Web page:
My mother seemed unusually sad on the March morning that Jeff and I left her apartment to drive to New England. The depth of her emotion struck me as odd. We’d visited with her for several days on our way north, and we planned to stop there again on our trip home. “Mom,” I said, “we’ll be back in two weeks, for at least a couple of nights.”
“Oh,” she said, putting on a brave smile. “That’s right. I’ll see you soon.”
Could she really have forgotten? She was doing so well—living without pain, eating well, even playing an occasional hand of bridge with other women in her retirement complex. Still, I drove away feeling unsettled.
Before our two weeks were up, my mother went into acute respiratory distress. We raced back to be with her, arriving only a few hours before she died.
So begins my life as fully adult, no longer in any way a child.
Although she had assured us she felt fine, Mom somehow knew what was coming. Here’s what we found when we went into her apartment after her passing: a desk that had been covered with chaotic piles of bank statements and legal papers, now all sorted out, with everything in carefully marked files. On a table in the room where Jeff and I slept, she’d placed a copy of a document assigning legal power of attorney to my older brother. It had not been there when we left.
I thought back to the nesting impulse I’d had before giving birth to Reid, the irresistible urge to put things in order. My mother, it seemed, had felt the same strong inclination in her final days.
This new grief came to me only a few days after marking the seventh anniversary of Reid’s death. For the first time on that date, Jeff and I had felt whole enough to celebrate our son’s life. We had hiked up a mountain and enjoyed a splendid dinner in a village on the Maine coast. It seemed my life was finally returning to a semblance of normalcy.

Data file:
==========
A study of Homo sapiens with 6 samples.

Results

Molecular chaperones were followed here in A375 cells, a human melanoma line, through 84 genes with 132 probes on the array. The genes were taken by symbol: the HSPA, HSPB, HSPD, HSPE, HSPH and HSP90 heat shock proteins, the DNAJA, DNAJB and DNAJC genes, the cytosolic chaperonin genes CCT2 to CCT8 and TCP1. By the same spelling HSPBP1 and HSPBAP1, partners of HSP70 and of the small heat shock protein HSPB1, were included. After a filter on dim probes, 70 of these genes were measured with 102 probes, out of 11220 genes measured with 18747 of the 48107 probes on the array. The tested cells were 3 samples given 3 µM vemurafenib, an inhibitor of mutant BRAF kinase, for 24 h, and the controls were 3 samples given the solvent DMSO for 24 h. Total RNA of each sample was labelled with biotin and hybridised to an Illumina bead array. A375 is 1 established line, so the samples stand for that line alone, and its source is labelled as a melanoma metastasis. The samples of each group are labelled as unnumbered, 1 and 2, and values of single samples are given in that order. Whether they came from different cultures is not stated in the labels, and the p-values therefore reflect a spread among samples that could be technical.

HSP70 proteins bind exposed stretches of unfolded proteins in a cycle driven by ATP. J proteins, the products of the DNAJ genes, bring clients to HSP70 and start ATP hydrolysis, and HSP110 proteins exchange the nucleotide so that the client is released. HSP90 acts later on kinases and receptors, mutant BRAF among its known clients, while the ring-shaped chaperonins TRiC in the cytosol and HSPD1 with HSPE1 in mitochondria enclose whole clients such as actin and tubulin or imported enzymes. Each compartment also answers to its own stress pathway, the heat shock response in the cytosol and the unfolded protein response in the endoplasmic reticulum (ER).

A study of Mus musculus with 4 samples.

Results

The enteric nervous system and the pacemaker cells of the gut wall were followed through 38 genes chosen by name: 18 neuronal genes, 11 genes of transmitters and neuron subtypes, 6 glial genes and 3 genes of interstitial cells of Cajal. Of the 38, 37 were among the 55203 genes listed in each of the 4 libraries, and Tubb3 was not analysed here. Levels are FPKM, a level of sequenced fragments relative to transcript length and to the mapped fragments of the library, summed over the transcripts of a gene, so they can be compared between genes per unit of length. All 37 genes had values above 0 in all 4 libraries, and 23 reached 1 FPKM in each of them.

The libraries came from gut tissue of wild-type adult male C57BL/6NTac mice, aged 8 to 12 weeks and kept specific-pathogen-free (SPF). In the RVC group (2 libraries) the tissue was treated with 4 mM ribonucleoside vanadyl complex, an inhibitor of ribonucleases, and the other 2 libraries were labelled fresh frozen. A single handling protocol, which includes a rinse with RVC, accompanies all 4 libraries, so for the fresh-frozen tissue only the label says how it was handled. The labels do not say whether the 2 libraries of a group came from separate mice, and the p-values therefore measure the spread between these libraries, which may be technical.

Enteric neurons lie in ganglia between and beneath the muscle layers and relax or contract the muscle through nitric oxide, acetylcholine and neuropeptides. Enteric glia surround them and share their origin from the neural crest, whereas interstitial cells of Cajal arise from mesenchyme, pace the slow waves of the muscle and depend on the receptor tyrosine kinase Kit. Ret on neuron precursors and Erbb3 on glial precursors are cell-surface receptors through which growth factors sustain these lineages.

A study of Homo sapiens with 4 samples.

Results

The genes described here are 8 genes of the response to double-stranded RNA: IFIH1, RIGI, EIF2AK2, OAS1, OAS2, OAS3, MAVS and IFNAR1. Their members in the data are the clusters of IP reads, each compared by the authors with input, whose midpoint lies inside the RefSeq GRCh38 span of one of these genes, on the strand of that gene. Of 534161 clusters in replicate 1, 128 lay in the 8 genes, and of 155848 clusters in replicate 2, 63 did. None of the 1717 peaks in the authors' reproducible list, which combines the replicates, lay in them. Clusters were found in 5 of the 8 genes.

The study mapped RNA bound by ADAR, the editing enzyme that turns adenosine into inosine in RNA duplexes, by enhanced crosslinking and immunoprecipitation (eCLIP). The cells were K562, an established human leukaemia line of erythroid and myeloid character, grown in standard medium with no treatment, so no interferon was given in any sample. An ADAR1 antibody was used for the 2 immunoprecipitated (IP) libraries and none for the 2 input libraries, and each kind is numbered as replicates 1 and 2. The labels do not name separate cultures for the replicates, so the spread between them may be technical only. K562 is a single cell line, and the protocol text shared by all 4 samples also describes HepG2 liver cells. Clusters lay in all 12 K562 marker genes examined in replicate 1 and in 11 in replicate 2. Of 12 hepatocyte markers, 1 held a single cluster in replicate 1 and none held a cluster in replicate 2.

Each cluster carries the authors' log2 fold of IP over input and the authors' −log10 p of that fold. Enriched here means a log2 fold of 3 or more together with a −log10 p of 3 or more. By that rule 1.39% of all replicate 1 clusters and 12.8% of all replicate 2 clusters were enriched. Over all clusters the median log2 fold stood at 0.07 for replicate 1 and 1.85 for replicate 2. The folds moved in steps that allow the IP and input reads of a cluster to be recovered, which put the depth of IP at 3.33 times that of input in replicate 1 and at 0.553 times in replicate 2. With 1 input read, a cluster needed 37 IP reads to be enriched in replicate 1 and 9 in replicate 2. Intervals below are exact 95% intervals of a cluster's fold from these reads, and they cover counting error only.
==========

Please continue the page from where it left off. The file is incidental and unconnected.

Now I greet again the hallmarks of grief: the sensation of being cut loose; the abrupt swings between absolute certainty that I’m handling this, that I’m sad but still sane—and the sudden longing to spend all day in bed, hiding under the covers. A few days ago, as I listened to a friend chat about the details of a trip she’s planning out West, I had the strong feeling that I was standing in a cavern. Oh, right, I thought. Up there on the Earth’s surface, things are proceeding as usual. It’s only down here that life feels so dim and disjointed.
But this cavern isn’t nearly as deep as the one I fell into when we lost Reid, who was only 16. My mother lived 91 years, 33 of them with a chronic heart condition. We counted ourselves fortunate every day that she continued to get out of bed. Nor can I help remembering the recent assurance I offered two friends who lost dear ones over the winter: “Life will get easier. I promise.”
My parents and I did not always see eye-to-eye, especially during my teens and twenties. But through the decades we accomplished something that’s essential to loving fully: We accepted each other. In doing so, we stopped trying to change each other.
Acceptance became the foundation for our love. Despite our disagreements about politics, my father and I came to respect each other’s view of the world. No matter how crazy it made me when my mother treated me like a young girl, I learned to treasure those moments, knowing she was only trying to protect me. My parents graciously overlooked my annoying behaviors too. In this way we enriched each other’s lives.
Mom and Dad showed me how to gracefully accept misfortune, without a shred of bitterness. My father lived most of his adult life with acute rheumatoid arthritis. He controlled it with daily vigorous exercise. Even after a heart attack that would have killed most people, my mother refused to become what she called a “cardiac cripple.” Instead she walked three miles a day, briskly. By watching how they coped with disappointment and heartache, I realized that as wrenching as it was to lose my only child, it did not need to ruin my life.
I am the same woman I was when we lost Reid, and later my father, and a dear friend, and finally my mother. But I hold now a capacity for understanding and compassion that I lacked in my earlier life, the time before grief. I envision my heart as an old, gnarled tree. Yet as sad and scarred as I feel now, I know my sorrow over my mother’s passage will lessen, and that in time I will emerge, still solidly, amazingly whole.